Talking with Children About Death

Talking with Children About Death
Young children need plain and truthful explanations when it comes to death. Use clear, honest language that answers their questions directly. Here are some guidelines for talking about loss with your toddler.

State the facts. Say, “Grammy got very sick in her lungs and heart. She was having trouble breathing. The doctors did their best to help her get well, but she died,” or, “Aunt Maria died. She had a sickness called cancer (or was in a car accident, etc.) and her body got worn out/injured from that even though she was young.” You can also say, “When someone dies, it means they cannot talk or play anymore. We can’t see them or hug them again. Dying means their body stopped working.”

Give short, simple explanations and then pause. After your statement, wait to see if your child has more questions. Go at their speed. They will ask you another when they are ready. If you provide more information than they asked for, they may get more worried or confused.

Keep answering questions. You may find that children’s questions come in spurts over several days or weeks as they try to make sense of what happened. Here are some common toddler questions about death and some sample answers:

  • Where is Grammy now? Toddlers can be confused by vague language like: “Grammy went to a better place” or “Aunt Maria passed away.” A young child may believe that the person is literally in another place or be confused by the word “passed.” Sometimes death is described as “going home” or “eternal sleep.” Toddlers may start to fear normal activities, like going home after an outing or falling asleep. Instead offer a simple, age-appropriate explanation that reflects your personal beliefs.
  • Will you die? Recognize their fear but then offer reassurance. Say, “I can see why you are worried about that, but I am strong and healthy. I will be here to take care of you for a very long time.” If someone young died suddenly, this may take longer to work through as it can bring up a lot of fear. Be patient. It’s OK to admit that it’s hard to understand why bad things happen.
  • Will I die? Get cancer? Have a car accident? Remind them of all they do to stay healthy and safe. Say, “We eat right, sleep right, and go to the doctor so you can stay healthy and live for a long, long time.” Or, “We wear seatbelts in the car and follow the rules of the road to avoid accidents as much as we can.”
  • Does everyone die? Tell the truth. Say, “Eventually, everyone dies. Most people die when they are very old like Grammy.” Or, “Sometimes terrible things happen and it’s very sad and scary when people die suddenly. It’s OK to be scared and sad. I’m right here with you.”
  • What if I get sick or hurt? Acknowledge that everyone gets sick and hurt sometimes. Say, “Getting sick or hurt doesn’t mean you will die. If you get sick or hurt, we will take care of you. We’ll take you to the doctor if needed.”
  • Can I die so I can be with Grammy/Aunt Maria? This question comes from a place of missing their loved one. It doesn’t mean your child actually wants to die. Stay calm and say, “I understand that you want to be with Grammy/Aunt Maria. I miss her too. When someone dies, they can’t play with blocks, or eat ice cream, or go on the swings anymore. She would want you to do all those things and I do too.”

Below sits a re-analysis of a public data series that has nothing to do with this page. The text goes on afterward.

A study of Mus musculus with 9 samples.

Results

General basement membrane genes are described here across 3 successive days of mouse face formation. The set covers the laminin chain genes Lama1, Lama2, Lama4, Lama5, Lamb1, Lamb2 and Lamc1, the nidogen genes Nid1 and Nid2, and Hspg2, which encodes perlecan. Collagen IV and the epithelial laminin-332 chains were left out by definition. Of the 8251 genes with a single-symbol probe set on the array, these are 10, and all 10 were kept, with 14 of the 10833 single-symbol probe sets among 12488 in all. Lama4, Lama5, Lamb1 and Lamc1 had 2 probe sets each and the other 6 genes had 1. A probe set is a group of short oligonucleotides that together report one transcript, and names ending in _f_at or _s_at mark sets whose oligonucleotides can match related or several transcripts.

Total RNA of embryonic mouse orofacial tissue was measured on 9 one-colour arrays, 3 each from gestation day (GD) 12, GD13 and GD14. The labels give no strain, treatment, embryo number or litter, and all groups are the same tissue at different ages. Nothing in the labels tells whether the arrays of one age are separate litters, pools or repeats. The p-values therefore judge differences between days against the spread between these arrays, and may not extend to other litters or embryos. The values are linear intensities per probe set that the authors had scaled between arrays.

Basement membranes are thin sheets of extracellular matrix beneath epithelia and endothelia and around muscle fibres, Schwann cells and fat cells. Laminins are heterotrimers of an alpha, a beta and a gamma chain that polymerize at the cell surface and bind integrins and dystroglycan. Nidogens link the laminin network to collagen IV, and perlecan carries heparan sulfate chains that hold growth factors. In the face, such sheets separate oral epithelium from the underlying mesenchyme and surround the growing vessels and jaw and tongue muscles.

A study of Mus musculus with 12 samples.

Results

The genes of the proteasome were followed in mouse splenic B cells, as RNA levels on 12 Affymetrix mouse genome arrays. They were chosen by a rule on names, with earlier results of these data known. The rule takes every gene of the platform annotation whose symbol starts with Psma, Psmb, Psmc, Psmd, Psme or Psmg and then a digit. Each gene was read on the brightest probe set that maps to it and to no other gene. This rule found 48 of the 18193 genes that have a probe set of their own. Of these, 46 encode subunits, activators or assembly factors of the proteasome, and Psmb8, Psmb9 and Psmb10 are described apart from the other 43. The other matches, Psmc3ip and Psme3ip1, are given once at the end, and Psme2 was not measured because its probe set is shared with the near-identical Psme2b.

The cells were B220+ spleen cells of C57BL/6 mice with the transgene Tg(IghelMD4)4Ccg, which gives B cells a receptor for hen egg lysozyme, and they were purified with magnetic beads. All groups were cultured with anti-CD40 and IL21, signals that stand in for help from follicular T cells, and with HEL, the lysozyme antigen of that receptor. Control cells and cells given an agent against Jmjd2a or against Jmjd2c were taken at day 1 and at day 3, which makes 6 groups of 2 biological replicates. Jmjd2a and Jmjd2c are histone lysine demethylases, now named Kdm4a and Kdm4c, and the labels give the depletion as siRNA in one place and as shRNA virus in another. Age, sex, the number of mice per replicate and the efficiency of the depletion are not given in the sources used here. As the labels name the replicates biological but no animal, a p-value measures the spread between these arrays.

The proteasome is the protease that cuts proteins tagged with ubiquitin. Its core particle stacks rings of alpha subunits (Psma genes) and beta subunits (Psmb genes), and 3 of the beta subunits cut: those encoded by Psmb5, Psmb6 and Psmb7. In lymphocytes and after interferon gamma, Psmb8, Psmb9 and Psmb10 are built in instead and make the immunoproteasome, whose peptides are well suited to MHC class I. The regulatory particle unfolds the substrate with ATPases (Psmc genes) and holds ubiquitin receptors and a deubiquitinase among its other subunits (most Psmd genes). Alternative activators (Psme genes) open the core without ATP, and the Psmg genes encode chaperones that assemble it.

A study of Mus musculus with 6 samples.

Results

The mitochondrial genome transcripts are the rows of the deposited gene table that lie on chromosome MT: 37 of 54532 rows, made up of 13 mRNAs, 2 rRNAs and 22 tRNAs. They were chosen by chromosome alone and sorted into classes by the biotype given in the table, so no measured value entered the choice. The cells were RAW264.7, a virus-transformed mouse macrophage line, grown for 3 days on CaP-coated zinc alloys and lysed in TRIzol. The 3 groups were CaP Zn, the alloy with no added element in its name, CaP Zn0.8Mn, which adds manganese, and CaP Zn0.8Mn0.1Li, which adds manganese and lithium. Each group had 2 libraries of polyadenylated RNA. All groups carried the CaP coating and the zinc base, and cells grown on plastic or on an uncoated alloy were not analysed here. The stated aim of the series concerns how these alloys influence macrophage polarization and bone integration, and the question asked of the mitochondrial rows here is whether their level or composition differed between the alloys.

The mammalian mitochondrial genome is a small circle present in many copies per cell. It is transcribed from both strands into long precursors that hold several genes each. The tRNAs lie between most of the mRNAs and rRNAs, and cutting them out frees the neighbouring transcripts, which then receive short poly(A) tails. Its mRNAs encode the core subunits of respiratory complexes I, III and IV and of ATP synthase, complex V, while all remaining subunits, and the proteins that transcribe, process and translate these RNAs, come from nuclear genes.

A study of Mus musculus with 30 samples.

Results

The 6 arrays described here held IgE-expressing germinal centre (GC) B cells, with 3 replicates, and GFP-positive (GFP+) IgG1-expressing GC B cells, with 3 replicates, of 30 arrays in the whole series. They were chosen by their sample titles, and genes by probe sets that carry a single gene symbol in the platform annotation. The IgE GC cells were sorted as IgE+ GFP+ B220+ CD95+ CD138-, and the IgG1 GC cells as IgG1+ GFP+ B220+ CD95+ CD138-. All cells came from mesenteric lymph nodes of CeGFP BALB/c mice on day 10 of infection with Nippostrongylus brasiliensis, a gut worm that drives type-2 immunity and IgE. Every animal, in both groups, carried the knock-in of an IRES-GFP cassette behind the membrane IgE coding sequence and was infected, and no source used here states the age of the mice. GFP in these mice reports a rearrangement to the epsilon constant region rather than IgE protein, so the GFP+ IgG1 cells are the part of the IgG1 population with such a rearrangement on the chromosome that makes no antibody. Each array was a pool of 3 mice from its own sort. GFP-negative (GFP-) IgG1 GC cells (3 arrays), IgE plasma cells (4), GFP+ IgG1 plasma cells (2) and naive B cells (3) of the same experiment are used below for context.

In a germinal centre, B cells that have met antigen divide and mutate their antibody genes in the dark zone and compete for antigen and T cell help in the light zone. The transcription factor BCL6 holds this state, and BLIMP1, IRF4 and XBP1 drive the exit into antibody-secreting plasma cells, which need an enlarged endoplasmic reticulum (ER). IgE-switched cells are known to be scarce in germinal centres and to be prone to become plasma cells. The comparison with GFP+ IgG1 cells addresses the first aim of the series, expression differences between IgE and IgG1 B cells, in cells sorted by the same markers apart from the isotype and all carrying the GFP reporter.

• What is dying? Keep in mind that young children are not capable of fully understanding death. Grown-ups struggle with that too! It can help to offer a simple, concrete explanation. Say, “Aunt Maria’s body stopped working. She couldn’t eat, or play, or move her body anymore.”

You may see behavior changes after the loss. Even if children don’t fully understand death, they do know that something important and lasting has happened. Your toddler may have intense tantrums or be very clingy. Children may also show changes in sleeping or toileting patterns. These changes are usually temporary and diminish over time when you respond with kindness, patience, and some extra love and attention.

Parents may notice toddlers playing “dying” games. Your child might pretend to play where a toy train or stuffed animal gets sick or hurt and “dies.” This is very normal. Children show us through their play what they are thinking about. You can consider adding a doctor’s kit or ambulance to your child’s choices. Feel free to join in their play as long as you let them take the lead. Over time, this focus will fade.

Young children may ask the same questions over and over. It might be hard to keep answering the same questions about the death of a loved one. But this is an important way your toddler grasps what has happened. Young children learn through repetition so hearing the same details over and over helps them make sense of the experience.

It’s OK to talk about and remember your family member with your child. Say, “Let’s make Grammy’s favorite muffins this morning. We can remember her while we bake together.” Or, “Aunt Maria always loved tulips, let’s plant some tulips and remember her every time we see tulips.” You can also share photos or sing favorite songs.

It’s OK to cry in front of your child, though it is important to explain why. Say, “I am crying because I am sad that Grammy/Aunt Maria died. I miss her.” If your grief becomes overwhelming, you deserve support. If your child’s grief is intense, persistent, or interferes with their play or learning, they may need support too. Ask your HealthySteps Specialist for suggested resources.